As Director of Brand Development, one of my interests is meeting with our members to chat about our services. After close to a year of doing just that, I am impressed with how tenacious and smart our members are when it comes to using the data we provide them. I sat down to talk with a few members from the Campaign Manager program to find out what they are doing with the information they gain from their opens and clicks and how they are following up.

Fernando Venegas – Salt Lake City


My Campaign Manager, Matt Spindler, has been great as far as doing the same thing I’m doing and putting it on a list for me to look over. He makes any changes he or I feel necessary for the direct mail pieces.

As far as follow ups go, I have two ways of going about them. One is I wait for the call cycle to start and I attack as soon as I get notification of a possible meeting or someone that my Campaign Manager has talked to. Even if they are not interested in meeting me, most of them will be polite and ask for a PDF portfolio. I send those as soon as possible (within an hour or two from the time that the alerts came through), and I keep it short and sweet. Second thing I do, which I think most people would agree, is I try to book multiple meetings within the same time frame and city with other agencies.”

What Fernando is saying is that striking while the iron is hot is key to success. DON’T wait to follow up with someone who was interested in you. The only thing scarier than the phone not ringing at all is making that first phone call.

Paul Simcock – San Francisco



“About a week after each email is sent, I download the statistics for opens and clicks and add them to a sorted spreadsheet which tells me who is opening my emails most frequently. From that, I will create a list for the direct mail pieces and phone marketing calls. After almost two years on the Campaign Manager program, I am getting a good idea of my target market. I am starting to send out interim emails to those who open regularly to keep them up to date while also showing them my new work.”

Paul is feeding his lead base by sending interim emails with new work between his already scheduled AXS email promotions. If these creatives are interested, it is important to keep their attention and the connection going.

Kevin D. Liles – Atlanta


Doing research on the agencies you want to work for and asking for introductions from mutual friends is what I consider the biggest help in any business. Friends love to hook-up friends, assuming your friends are good ones! I can stand by this personally as I have a buddy who introduced me to someone very influential; I can trace the connections generated from this single introduction even after moving to a different city.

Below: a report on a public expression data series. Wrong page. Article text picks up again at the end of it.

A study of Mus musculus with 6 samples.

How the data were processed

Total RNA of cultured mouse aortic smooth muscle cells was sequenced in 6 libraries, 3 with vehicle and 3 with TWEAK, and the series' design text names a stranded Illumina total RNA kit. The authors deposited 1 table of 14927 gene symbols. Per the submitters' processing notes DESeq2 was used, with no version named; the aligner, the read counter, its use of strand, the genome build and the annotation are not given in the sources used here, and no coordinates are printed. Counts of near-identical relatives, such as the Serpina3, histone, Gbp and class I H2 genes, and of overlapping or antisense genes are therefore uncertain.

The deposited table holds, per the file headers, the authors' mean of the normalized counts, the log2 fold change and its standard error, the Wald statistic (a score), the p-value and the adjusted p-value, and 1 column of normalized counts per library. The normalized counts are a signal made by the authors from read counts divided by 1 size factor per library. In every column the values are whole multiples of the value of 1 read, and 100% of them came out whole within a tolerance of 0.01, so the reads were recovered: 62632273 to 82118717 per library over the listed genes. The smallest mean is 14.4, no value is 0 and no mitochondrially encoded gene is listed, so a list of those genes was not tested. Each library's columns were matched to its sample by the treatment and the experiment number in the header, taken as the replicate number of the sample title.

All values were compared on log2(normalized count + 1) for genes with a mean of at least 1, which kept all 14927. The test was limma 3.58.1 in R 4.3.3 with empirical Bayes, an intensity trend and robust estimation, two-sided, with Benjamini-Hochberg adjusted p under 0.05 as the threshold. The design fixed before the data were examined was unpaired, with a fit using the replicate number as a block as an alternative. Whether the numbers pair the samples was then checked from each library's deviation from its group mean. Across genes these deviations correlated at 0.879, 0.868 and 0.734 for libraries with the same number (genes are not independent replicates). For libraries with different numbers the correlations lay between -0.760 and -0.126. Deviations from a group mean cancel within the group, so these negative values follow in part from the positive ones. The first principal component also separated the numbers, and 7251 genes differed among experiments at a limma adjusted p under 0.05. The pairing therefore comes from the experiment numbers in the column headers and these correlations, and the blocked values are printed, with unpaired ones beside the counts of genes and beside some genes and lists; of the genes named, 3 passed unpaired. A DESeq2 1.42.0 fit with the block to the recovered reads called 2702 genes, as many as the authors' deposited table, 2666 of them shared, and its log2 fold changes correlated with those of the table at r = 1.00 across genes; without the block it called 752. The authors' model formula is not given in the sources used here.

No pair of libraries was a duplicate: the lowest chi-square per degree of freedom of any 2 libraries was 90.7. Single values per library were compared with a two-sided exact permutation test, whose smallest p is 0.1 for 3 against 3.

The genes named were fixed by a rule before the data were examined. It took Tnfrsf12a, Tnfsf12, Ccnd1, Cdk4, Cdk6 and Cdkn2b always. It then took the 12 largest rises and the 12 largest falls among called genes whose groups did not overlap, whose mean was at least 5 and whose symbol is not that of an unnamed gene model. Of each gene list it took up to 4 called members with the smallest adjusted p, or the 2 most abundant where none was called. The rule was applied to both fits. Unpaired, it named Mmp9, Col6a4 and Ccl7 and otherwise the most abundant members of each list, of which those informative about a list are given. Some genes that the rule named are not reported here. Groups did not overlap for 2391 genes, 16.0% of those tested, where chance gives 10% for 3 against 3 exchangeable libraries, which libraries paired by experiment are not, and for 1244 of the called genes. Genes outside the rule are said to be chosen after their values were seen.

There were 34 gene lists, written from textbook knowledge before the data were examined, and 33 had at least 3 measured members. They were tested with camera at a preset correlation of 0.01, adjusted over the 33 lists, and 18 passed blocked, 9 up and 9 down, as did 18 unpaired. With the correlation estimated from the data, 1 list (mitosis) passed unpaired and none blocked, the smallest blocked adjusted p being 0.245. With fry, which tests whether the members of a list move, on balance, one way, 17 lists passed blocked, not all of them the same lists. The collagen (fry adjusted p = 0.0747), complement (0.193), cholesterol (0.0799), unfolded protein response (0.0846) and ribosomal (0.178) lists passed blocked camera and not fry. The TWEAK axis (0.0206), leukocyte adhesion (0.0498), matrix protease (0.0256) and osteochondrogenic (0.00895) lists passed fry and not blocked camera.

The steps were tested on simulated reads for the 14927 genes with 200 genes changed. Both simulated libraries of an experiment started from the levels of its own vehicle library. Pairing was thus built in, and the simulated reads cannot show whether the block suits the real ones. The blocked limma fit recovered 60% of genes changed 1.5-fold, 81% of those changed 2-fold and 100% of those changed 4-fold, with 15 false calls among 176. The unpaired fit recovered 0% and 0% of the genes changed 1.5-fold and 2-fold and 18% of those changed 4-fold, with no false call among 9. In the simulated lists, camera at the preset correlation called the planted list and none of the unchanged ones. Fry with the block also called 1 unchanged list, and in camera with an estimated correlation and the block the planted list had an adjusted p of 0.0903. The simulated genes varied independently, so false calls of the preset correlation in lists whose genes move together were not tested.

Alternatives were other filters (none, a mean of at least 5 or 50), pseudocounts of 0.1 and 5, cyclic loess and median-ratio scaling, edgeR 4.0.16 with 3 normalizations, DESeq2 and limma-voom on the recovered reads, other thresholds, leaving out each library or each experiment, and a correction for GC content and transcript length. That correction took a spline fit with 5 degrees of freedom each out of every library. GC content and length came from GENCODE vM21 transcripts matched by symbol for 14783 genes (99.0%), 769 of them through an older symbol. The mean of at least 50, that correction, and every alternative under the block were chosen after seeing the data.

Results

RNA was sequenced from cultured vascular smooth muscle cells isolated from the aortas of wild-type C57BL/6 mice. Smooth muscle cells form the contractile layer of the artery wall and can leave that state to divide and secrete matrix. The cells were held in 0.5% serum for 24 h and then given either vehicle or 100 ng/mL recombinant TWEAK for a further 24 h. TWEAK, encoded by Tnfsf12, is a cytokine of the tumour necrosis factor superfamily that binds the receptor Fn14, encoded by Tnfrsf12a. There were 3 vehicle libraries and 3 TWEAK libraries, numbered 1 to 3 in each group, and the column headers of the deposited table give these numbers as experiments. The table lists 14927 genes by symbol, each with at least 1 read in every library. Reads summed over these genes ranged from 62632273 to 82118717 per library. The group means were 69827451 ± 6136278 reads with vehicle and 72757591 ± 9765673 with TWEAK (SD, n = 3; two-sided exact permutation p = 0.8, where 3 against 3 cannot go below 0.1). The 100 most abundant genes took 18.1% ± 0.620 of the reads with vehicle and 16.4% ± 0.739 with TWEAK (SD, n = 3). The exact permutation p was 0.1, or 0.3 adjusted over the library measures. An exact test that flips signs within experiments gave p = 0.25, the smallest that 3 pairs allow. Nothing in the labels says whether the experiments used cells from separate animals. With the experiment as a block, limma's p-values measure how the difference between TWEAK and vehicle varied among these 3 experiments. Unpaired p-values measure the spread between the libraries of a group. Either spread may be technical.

Ask them, because if you never ask, the answer is always no.

Craig Orsini – Boston


He can see what images they spend time on and he will even edit his website based on what images the analytics say are more popular. He likes to check his statistics up to six times per day. If a creative re-visits, he reaches out to them directly with a personal email or makes a phone call and says his marketing team “let him know”.

This type of information definitely “puts the odds in his favor”. Everyone knows they are being tracked, it’s “the elephant in the room”, so try not to be creepy about it.

Actually, Craig emailed me after I visited his site to pull the images for this blog post; not weird at all. Using data to figure out who is interested in the story you are telling and then modifying the story is quite the baller move.

Caitie McCabe – New York City


The client recognized her name out of all of the other photographers presented for the project. This just goes to show that patience and persistence is key. Caitie also sends special printed posters between the bi-monthly emails to her opens and dream clients. She is using the information from her emails in the best way and she is getting her name out there to the people who will hire her.

Let’s face it, if you are not doing anything with the data you’re compiling, you are dropping the ball. Whether you are emailing, making personal phone calls, asking an acquaintance for an introduction or tracking them on your website, you will always have the edge on the ones who are doing nothing. What it all comes down to is that extra personal contact and finding an organic way to get it.

In conclusion; please read this carefully and next time we meet, please don’t tell me that you haven’t done anything with the data we gave you.

If you want to check out more about me, here is an interview I did with the Photo Brigade podcast. If you get bored, fast forward to the end. That’s where I really get going.


Peter Berberian

Born in Manhattan and raised in Brooklyn, Peter Berberian is an New York photo industry veteran. His career has run the gamut from photographer to master printer, art consultant and most recently, Director of Brand Development for Agency Access. Berberian was introduced to photography by his 60’s fashion photographer Uncle at a very young age. This is what sparked his interested and motivated him to attend the School of Visual arts. Here, he was educated on black and white printing while apprenticing under Sid Kaplan After seeing the shift from film to digital he opened up Gotham Imaging, a high end boutique print studio, specializing in ink-jet printing. In 2013, Berberian moved to Columbus Ohio to work as an art consultant to the Pizzuti Collection. He made his return to NYC in March 2015 and began his work with Agency Access in May.